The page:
Office: Science Hall 150
Dr. Andrew J. Fabich grew up in a suburb of Cleveland, OH before moving to Columbus, OH to finish high school and attend Ohio State. After finishing his undergraduate degree, he married his high school sweetheart and began graduate school. His first two children were born during graduate school just before he took a teaching job at Tennessee Temple University. While in Chattanooga, his other 2 children were born before joining the faculty at Liberty University in 2011. Dr. Fabich did his dissertation on understanding how good and bad E. coli colonize the mammalian intestine to cause disease. He continues working on molecular pathogenesis and colonization of facultative anaerobes in the mammalian intestine.
The goal of Dr. Fabich's research is to involve undergraduate students to help them better understand the molecular pathogenesis an dissemination of facultative anaerobes in the mouse intestine. They use the streptomycin-treated mouse model of colonization to better understand how commensal (good) E. coli reacts within a diverse intestinal microbial population. The current research focus is investigating how laboratory, human commensal, and probiotic E coli oscillate between motile and non-motile populations in the intestine. The other half of the research group focuses on how pathogenic (bad) E. coli colonize the intestine using the model organism Citrobacter rodentium.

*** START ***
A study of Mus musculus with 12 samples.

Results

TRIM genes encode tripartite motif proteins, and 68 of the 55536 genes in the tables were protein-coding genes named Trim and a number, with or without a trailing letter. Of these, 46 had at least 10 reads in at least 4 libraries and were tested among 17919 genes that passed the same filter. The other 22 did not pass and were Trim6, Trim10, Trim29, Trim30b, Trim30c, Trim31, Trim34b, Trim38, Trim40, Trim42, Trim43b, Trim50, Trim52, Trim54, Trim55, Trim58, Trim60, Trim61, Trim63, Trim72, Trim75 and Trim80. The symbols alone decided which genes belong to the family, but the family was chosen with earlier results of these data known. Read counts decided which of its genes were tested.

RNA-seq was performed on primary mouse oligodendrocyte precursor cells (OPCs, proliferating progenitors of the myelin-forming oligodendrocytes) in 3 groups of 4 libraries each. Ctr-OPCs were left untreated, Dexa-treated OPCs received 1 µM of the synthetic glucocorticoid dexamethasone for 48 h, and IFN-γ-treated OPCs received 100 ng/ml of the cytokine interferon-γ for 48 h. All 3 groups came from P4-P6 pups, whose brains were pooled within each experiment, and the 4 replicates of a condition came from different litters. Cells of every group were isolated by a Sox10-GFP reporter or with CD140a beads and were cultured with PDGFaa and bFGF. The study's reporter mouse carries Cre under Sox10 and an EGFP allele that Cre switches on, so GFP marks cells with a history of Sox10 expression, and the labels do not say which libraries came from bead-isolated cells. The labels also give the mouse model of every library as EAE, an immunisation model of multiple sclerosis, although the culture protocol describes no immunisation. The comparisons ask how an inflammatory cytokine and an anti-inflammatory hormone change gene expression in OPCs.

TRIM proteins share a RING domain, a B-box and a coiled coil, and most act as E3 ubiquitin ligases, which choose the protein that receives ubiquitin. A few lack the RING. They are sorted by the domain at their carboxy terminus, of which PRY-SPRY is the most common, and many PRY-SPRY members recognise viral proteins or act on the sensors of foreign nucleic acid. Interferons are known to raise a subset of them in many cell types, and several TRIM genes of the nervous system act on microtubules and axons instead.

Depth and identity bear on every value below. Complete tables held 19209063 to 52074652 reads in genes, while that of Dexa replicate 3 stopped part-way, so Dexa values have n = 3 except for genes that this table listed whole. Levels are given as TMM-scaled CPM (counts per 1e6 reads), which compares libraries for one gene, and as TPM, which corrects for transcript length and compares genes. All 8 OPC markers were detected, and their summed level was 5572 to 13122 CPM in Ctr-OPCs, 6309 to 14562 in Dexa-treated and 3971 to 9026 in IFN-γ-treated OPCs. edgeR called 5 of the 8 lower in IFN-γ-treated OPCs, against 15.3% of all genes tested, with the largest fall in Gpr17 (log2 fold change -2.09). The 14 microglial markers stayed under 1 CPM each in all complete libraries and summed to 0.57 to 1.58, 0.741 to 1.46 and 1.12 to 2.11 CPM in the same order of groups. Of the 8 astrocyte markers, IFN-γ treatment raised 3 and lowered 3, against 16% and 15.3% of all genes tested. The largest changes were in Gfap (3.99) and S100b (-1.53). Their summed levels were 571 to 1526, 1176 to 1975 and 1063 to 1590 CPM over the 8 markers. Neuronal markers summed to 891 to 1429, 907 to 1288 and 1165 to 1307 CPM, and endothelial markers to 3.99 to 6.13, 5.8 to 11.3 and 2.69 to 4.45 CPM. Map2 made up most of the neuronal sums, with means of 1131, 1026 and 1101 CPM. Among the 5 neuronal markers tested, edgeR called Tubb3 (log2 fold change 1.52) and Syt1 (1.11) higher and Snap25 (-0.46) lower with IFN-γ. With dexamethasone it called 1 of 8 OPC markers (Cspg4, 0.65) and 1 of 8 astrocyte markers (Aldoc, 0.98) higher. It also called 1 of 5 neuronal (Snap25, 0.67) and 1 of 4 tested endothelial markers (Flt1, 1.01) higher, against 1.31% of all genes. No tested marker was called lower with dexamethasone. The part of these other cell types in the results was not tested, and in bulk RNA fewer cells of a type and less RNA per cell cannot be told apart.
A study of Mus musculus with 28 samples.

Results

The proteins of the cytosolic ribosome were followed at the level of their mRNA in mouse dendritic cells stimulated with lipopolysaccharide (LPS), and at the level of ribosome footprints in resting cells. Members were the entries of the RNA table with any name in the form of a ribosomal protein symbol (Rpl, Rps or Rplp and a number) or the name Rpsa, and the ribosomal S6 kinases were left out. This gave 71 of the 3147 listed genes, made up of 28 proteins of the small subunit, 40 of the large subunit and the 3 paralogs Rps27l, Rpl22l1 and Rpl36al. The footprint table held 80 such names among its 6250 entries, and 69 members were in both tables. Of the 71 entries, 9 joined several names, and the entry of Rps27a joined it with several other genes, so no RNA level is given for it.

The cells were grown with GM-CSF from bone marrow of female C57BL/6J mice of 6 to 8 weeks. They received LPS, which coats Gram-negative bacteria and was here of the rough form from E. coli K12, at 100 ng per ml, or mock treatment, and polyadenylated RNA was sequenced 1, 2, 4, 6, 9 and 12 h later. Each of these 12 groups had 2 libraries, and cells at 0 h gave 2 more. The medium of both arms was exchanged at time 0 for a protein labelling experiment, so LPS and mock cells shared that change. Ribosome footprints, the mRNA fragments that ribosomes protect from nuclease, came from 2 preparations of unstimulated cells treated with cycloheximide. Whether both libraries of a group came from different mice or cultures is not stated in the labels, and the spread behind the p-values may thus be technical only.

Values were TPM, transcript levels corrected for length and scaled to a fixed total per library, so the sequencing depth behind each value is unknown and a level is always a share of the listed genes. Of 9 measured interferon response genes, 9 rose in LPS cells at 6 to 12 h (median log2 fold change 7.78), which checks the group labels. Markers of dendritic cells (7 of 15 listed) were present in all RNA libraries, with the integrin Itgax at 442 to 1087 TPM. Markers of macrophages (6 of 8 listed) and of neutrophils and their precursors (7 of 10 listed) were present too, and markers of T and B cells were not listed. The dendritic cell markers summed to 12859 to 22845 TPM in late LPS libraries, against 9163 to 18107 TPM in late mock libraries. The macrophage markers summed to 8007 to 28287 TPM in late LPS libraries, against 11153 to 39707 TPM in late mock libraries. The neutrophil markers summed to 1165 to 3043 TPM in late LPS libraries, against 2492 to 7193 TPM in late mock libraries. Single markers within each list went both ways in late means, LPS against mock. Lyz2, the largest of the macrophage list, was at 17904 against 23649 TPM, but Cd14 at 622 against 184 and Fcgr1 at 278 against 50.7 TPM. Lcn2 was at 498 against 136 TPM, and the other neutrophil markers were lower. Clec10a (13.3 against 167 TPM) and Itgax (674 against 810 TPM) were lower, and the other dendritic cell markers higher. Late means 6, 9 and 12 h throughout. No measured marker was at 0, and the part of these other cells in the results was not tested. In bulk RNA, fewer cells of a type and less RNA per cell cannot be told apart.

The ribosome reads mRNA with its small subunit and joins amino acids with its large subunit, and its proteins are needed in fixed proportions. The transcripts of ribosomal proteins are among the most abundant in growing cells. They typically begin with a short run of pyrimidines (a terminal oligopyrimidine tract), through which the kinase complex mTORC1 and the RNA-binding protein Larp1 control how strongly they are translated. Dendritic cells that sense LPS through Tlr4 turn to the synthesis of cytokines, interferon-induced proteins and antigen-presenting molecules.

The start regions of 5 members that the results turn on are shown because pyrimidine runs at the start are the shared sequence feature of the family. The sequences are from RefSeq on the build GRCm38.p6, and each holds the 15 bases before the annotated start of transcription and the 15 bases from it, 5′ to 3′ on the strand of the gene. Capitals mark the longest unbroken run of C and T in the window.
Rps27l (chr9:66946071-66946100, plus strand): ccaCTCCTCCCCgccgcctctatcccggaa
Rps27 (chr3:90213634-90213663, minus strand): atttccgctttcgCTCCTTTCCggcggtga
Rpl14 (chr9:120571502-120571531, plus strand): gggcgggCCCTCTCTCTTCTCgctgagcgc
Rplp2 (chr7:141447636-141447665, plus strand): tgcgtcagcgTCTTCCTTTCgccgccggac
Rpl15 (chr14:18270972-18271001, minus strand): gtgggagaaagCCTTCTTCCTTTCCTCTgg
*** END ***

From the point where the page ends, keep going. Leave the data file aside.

Students at Liberty University work with Dr. Fabich to elucidate the underlying mechanisms that commensal and pathogenic E. coli by genome sequencing of individual E coli clones, 16S rDNA analysis of fecal genomic DNA by quantitative PCR, and metagenomics to identify significant effects from the neighboring bacteria that various E. coli encounter during colonization or pathogenesis. Students also work on understanding the inflammatory process that C. rodentium causes in conventional mice, which is absent in streptomycin-treated mice. We work at better understanding the underlying mechanisms of colonization to aid discovery of novel therapies that enhance commensal E. coli and prevent pathogenic E. coli.
American Society of Microbiology
Virginia Academy of Sciences
Fabich AJ, Leatham MP, Grissom JE, Wile G, Lai H, Najar F, Roe BA, Cohen PS, Conway T. 2011. Genotype and phenotypes of an intestine-adapted Escherichia coli K-12 mutant selected by animal passage for superior colonization. Infect. Immun. 2011 Mar 21. PMCID: PMC3125843
Snider TA, Fabich AJ, Conway T, Clickenbeard KD. 2009. E. coli O157:H7 catabolism of intestinal mucin-derived carbohydrates and colonization. Vet Microbiol. 2009 Apr 14;136(1-2):150-4.
Fabich AJ, Jones SA, Chowdhury FZ, Cernosek A, Anderson A, Smalley D, McHargue JW, Hightower GA, Smith JT, Autieri SM, Leatham MP, Lins JJ, Allen RL, Laux DC, Cohen PS, Conway T. 2008. Comparison of carbon nutrition for pathogenic and commensal Escherichia coli strains in the mouse intestine. Infect. Immun. 76(3):1143-52. PMCID: PMC2258830
Jones SA, Chowhury FZ, Fabich AJ, Anderson A, Schreiner DM, House AL, Autieri SM, Leatham MP, Lins JJ, Jorgensen M, Cohen PS, Conway T. 2007. Respiration of Escherichia coli in the mouse intestine. Infect. Immun. 75(10):4891-9 PMCID: PMC2044527
Snider TA, Fabich AJ, Washburn KD, Sims WP, Blair J, Cohen PS, Conway T, Clickenbeard KD. 2006. Evaluation of a model for Escherichia coli O157:H7 colonization in streptomycin-treated adult cattle Am. J. Vet. Res. 67(11):1914-20.